Leading charity breached code of conduct over unsolicited call
Age UK has been rapped by a regulator for cold calling a member of the public and asking him to consider leaving cash to the charity in his will.
The individual complained to the Fundraising Standards Board (FRSB) after reciving the call in April 2015, a call he said was “cold and unsolicited” as he was registered with the Telephone Preference Service (TPS) which allows individuals to stop cold calls.
In its defence, Age UK Age argued it had a sufficient relationship with the complainant to make such a call.
While the complainant had never donated to the charity, he had requested a Will Information Pack in 2002 from Help the Aged (the charity merged with Age Concern in 2009 to form Age UK), signed up for an energy product through Age UK Enterprises in 2010 (which he cancelled in 2014) and requested a motor insurance quote from the same company in 2015.
In an adjudication, the FRSB concluded that, since the complainant had never been a donor to the charity, and had only ever had a limited interaction with it – merely requesting a Will pack more than 12 years previously and expressing interest in two products from Age UK Enterprises – the relationship was not sufficient to warrant overriding TPS registration with a fundraising call.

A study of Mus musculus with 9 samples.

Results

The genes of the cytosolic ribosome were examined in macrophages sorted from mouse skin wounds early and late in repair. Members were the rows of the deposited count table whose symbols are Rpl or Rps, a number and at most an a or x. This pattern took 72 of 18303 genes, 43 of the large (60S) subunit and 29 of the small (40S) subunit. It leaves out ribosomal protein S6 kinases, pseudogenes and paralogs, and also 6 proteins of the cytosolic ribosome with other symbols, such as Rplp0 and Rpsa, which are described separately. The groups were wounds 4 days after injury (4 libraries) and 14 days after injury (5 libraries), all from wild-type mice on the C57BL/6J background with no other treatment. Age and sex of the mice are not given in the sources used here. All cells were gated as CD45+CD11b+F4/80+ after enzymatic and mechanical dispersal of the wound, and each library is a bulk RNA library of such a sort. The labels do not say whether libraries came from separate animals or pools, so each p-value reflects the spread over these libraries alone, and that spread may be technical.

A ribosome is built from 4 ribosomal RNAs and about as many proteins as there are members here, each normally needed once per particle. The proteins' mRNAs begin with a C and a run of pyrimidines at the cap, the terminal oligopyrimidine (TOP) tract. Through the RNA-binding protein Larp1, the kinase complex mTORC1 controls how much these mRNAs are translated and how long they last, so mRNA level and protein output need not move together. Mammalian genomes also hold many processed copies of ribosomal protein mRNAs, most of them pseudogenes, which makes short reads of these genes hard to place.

The FRSB therefore upheld the complaint finding Age UK in breach of the marketing calls clause 8.2.3(b) of its code.
Charities need to be diligent in ensuring that they are only communicating with those who genuinely want to hear from them
The FRSB also reported that the charity had breached data processing, use of personal data and consent requirements by failing to provide clear opt out statements or to update data records and had misled the complainant over how his contact details might be used in future.
Andrew Hind, chair of the Fundraising Standards Board, said: “Charities need to be diligent in ensuring that they are only communicating with those who genuinely want to hear from them. When consent is given, charities cannot just assume that an individual is happy to continue receiving correspondence for many years afterwards, in the absence of a complaint or a specific request to opt out.
“We were particularly concerned in this case to discover that the complainant’s phone number had been misleadingly obtained from his commercial interaction with Age UK Enterprises, by Age UK, for fundraising purposes.
“Changes to the Code of Fundraising Practice since last summer reinforce the importance of providing clear and easy ways for the public to opt out of fundraising contact and to always observe data protection requirements.”
A spokeswoman for Age UK said the charity was disappointed the FRSB had found against it because it believed it had complied with the regulation that was in place at the time.
"However, we fully recognise the complainant’s concerns and have apologised unreservedly for the distress caused," she said. "Quite rightly, the public expects all charities to adhere to the highest standards of fundraising and, as far as Age UK is concerned, any complaint is one too many."